A spitting nuisance of rain, not enough to fill a tea cup, washed away 60 matches Tuesday and doused Lisa Raymond's shot at knocking out defending Wimbledon champion Martina Hingis in the first round.

No other sport would have come to a halt in so flimsy a drizzle, but for tennis players skidding on slick new grass it was too much. Sort of like some of the days last year in the wettest of all Wimbledons.

Only one match was completed on Centre Court, and for Raymond it lasted about 90 minutes too long. That was the time of the rain delay, from which the 19th-ranked Raymond emerged as if in a stupor.

After giving Hingis fits in the first set with booming backhands and gutsy, go-for-broke winners, Raymond came out of the locker room the second time and immediately double-faulted, dropped serve twice and lost her fourth straight game to fall behind 5-1.

The American, who won her last match in Hingis' adopted Swiss homeland, didn't go quietly. But she went nevertheless, 7-5, 6-3, after saving three match points, breaking Hingis and holding at love to 5-3.

"I definitely didn't come out of the blocks (after the rain delay) as well as I had in the first set," Raymond said. "It definitely was not to my advantage to stop. I think I played a lot more loose points in the second set ... and you just can't do that against her."

Hingis is chunkier than a year ago, looks more vulnerable, and is surrounded by challengers young and old. But she has a knack for getting out of trouble and putting pressure on her opponents. Raymond kept Hingis deep, ran her from side to side, and still couldn't put her away.

Perhaps no shot was more telling of Hingis' ability to come up with what's needed as the running forehand she drilled down the line from off court to give her set point in the first set. Raymond, deflated by that shot after doing so much to get Hingis out of position, weakly netted a backhand on the next point to drop the set.


Yet with a field that includes seven-time champion Steffi Graf, a resurgent Monica Seles, Arantxa Sanchez Vicario and Jana Novotna, and young threats like Venus and Serena Williams, Raymond hardly thought Hingis has a lock on this title again.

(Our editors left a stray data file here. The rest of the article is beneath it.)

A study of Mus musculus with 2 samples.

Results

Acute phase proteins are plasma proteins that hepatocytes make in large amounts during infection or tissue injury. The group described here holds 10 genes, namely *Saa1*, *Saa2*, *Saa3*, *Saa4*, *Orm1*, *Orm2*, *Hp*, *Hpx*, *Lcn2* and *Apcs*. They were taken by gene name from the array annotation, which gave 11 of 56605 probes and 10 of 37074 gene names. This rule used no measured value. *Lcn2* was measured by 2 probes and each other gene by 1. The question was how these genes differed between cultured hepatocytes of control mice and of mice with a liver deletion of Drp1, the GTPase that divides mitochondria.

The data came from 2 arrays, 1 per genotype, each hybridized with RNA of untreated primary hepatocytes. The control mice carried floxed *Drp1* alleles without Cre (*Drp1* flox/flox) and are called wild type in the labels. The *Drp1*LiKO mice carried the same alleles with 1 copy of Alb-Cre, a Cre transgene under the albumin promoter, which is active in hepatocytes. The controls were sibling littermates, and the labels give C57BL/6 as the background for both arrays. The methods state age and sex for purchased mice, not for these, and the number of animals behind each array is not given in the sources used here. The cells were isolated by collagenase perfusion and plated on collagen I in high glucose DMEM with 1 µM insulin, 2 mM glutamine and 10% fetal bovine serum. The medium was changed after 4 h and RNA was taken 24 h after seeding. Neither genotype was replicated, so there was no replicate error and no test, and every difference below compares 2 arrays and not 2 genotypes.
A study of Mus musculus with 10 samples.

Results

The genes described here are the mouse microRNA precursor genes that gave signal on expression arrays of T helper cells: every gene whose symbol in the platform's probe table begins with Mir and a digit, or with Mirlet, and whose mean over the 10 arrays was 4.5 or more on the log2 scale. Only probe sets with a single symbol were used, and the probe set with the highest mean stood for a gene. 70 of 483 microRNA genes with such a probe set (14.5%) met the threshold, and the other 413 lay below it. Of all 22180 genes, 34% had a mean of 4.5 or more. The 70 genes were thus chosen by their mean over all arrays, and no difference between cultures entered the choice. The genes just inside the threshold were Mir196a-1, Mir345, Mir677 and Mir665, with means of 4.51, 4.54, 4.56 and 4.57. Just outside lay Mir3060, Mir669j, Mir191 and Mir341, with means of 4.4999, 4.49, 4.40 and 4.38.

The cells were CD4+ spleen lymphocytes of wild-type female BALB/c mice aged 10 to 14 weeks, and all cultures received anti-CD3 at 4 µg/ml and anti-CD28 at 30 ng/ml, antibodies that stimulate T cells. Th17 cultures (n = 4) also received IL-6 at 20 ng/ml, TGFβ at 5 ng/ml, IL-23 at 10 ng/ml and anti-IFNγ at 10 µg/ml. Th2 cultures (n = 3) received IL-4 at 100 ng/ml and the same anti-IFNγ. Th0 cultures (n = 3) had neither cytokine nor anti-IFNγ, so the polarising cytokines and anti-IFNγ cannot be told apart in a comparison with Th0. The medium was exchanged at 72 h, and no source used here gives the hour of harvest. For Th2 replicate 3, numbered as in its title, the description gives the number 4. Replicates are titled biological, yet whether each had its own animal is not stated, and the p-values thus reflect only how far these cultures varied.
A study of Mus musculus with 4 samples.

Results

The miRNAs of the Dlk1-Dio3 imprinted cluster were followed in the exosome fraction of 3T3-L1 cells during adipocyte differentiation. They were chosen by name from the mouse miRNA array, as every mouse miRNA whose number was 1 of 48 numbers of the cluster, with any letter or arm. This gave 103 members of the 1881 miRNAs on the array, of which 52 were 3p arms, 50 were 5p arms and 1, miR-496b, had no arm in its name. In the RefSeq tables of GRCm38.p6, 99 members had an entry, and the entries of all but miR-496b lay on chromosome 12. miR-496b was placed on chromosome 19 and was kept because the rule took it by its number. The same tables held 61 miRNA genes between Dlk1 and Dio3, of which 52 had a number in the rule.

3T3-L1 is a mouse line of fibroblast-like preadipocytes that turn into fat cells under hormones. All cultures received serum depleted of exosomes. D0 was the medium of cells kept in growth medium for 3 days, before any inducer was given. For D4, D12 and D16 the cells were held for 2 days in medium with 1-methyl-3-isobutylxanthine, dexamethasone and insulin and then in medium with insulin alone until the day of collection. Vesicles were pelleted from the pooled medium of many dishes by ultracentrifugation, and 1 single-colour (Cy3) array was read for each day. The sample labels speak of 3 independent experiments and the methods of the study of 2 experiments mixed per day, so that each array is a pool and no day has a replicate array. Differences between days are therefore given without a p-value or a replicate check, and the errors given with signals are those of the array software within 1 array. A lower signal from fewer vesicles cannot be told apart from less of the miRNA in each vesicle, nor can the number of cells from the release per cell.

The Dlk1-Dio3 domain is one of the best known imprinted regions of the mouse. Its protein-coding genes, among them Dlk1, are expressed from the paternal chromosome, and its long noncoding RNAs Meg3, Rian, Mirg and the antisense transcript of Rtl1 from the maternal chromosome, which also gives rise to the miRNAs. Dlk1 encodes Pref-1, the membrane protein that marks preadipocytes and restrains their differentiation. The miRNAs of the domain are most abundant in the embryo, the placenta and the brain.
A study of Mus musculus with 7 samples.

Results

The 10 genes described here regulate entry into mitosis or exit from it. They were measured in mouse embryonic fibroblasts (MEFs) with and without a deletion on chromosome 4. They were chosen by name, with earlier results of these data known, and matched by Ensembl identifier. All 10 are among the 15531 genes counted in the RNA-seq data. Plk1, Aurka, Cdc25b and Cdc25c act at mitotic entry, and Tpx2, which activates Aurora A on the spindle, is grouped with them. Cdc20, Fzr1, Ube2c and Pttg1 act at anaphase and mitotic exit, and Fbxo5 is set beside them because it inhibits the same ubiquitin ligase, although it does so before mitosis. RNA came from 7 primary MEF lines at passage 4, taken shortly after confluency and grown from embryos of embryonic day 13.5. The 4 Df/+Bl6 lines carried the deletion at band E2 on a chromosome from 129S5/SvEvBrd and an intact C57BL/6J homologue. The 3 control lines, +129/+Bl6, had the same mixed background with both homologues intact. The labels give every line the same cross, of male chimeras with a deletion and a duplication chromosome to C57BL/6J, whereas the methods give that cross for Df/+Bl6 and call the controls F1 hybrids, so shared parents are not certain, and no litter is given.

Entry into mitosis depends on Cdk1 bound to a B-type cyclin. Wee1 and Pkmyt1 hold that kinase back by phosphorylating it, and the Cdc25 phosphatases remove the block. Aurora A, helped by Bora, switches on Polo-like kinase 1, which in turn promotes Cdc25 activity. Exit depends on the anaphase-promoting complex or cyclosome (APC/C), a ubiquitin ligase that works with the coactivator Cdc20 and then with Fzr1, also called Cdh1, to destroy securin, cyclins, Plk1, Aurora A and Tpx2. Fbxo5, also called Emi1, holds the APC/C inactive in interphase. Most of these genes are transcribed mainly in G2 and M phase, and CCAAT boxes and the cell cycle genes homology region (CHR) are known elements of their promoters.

"I think she's vulnerable here," Raymond said. "Any top player is vulnerable in the first couple of rounds. That was why it was such a good opportunity for me today, because I knew she hadn't played any grass court matches and she's got the pressure of defending champion. I think the loss at the French probably affected her as well. She feels like she's got something to prove again."

Novotna, a finalist for the second time last year and No. 3 seed this year, won her opener, 6-2, 6-2 against fellow Czech Sandra Kleinova. No. 7 Venus Williams, a first-round loser in her Wimbledon debut a year ago, followed her sister into the second round with a 6-3, 6-3 victory over Canada's Jana Nejedly.

The only seeded man to complete a match, No. 6 Patrick Rafter, won 6-1, 6-2, 4-6, 6-1 against Ivo Heuberger.

Raymond said she could see the nervousness and uncertainty on Hingis' face.

"I know Martina, and we're friends off the court, and you can just sense when someone's a little apprehensive, a little not-at-ease with themselves or with the situation," Raymond said. "Just in the warm-up, I could tell that she wasn't striking the ball as well as she usually does. I'm sure that had a lot to do with some nerves."

Hingus admitted as much, though she's still as confident, or cocky, as ever.

"I hope now it is going to be easier for the next two or three rounds," she said. "Last year I was still kind of the underdog. I was seeded No. 1 when I won the Australian Open and made the French final, but on grass nobody expected me to win it or gave me the credit. Now I am the favorite, since (Anna) Kournikova is not in and (Mary) Pierce lost, and nobody knows what is going to happen with Steffi.

"It is quite a different feeling to come back here as a defending champion with the opening round on Centre Court. It feels good."